Ariad pulls Iclusig from the market after FDA request
Ariad Pharmaceuticals has suspended distribution and marketing of its leukemia drug Iclusig, almost a year after the FDA approved the treatment for chronic myeloid leukemia and Philadelphia chromosome positive acute lymphoblastic leukemia.
The company said in a conference call Thursday that it will continue to market the drug in Europe and has kept international authorities in the loop about what is happening in the US.
Thursday's freeze follows the Oct. 18 announcement that the company halted a Phase III trial because the regulator was concerned about blood clots among clinical trial patients. This is the same reason behind the drugmaker's current request.
Ariad CEO Harvey Berger said the company went along with the FDA's request even though "we do not believe suspension of marketing of Iclusig in the US is the only approach to its appropriate utilization."
The drug was approved in December 2012 under an accelerated process that allowed Ariad to market it while conducting additional studies. This is not uncommon for orphan drugs intended to treat rare diseases.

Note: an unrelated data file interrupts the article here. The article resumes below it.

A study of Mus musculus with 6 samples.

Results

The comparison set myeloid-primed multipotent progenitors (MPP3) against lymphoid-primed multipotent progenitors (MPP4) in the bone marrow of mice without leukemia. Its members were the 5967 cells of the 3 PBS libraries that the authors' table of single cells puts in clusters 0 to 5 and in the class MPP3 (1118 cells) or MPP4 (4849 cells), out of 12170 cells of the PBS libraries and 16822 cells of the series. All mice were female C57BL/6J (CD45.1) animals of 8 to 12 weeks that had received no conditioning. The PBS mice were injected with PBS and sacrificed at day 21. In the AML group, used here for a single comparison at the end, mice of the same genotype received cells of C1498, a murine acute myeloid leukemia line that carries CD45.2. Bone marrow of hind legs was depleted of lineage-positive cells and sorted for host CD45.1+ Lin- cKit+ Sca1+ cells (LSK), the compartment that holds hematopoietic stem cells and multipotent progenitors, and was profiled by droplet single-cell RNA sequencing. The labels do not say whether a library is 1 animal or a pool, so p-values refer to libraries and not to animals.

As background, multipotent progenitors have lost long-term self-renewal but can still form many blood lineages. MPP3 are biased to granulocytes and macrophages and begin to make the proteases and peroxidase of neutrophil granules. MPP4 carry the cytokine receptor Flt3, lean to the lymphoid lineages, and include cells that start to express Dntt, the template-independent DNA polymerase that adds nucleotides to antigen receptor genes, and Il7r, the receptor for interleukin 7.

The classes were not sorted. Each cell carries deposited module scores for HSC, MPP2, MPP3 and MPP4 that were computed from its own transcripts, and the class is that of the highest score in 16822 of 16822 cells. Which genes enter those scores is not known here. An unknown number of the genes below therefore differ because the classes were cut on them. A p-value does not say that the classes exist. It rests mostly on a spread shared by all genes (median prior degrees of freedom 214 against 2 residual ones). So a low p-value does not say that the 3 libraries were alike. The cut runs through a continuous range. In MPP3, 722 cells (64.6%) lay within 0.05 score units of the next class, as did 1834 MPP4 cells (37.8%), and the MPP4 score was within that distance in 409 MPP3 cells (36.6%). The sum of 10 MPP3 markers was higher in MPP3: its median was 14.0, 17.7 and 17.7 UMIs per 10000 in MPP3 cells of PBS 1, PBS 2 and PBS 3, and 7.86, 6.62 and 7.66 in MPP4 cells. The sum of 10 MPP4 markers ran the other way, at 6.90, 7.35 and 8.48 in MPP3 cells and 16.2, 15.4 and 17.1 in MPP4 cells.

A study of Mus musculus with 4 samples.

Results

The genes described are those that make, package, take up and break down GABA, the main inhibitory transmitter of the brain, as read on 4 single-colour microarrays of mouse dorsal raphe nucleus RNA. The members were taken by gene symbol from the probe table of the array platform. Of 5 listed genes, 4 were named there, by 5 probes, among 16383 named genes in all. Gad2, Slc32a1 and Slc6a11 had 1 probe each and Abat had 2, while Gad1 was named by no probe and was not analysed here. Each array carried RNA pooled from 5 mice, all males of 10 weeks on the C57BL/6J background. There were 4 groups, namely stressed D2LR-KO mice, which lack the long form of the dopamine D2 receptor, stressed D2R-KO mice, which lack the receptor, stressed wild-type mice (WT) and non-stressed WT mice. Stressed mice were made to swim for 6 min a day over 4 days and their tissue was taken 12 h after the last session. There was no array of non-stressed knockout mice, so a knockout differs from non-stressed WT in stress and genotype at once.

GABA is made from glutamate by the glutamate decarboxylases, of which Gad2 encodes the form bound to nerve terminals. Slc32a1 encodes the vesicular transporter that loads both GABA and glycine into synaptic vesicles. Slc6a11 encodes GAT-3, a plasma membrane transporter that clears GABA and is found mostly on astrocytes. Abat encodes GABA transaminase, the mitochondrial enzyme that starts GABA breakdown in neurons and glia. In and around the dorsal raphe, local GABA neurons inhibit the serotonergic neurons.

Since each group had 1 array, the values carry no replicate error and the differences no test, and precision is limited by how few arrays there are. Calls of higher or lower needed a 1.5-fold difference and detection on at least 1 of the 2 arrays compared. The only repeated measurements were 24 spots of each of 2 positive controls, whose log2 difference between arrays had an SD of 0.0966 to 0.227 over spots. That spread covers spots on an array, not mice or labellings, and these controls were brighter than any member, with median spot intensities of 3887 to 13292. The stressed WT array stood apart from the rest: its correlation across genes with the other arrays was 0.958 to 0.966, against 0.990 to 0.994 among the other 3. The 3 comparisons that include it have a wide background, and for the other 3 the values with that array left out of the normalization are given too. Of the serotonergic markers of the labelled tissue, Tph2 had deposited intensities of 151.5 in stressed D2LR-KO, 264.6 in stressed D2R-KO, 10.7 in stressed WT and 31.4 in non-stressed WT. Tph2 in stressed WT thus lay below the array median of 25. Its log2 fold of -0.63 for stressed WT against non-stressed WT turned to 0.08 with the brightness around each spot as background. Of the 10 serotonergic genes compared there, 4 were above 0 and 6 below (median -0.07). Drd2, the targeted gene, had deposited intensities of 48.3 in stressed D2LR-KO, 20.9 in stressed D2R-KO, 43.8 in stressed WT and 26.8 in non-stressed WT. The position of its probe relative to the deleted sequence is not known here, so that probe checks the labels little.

Ariad's Berger told investors “there's really nothing new in terms of the safety profile of Iclusig. No new types or forms of adverse events have been seen,” and that the FDA was aware of these same issues when the drug was approved last year. Berger said he does expect the result will be a more restricted drug label, which will limit the patient population for whom doctors can draft prescriptions.
The FDA explained in its statement Thursday that the agency is holding off on definitively linking the drug to the adverse effects because the clinical studies that prompted the suspension did not include a control group. Without a control group, meaning patients not taking the drug, the regulator cannot apply if-then logic, but said the “increasing rate and pattern of the events strongly suggest that many are drug related.”
The 2012 approval was notable partly for its speed—the OK came three months earlier than anticipated—and the price tag: $115,000 per year. The New York Times noted at the time that this was a 15% premium over competitors.
Executives said Biogen Idec's experience with MS drug Tysabri is an almost-corollary to their current situation, in terms of what types of communications the company may pursue when and if the suspension is lifted—patient, physician and distributor/pharmacy education. Biogen suspended Tysabri because it was associated with a deadly infection.
Ariad was not able to discuss how this would affect the sales force or its healthcare provider communications plan at press time.
An earnings call is scheduled for Nov. 6.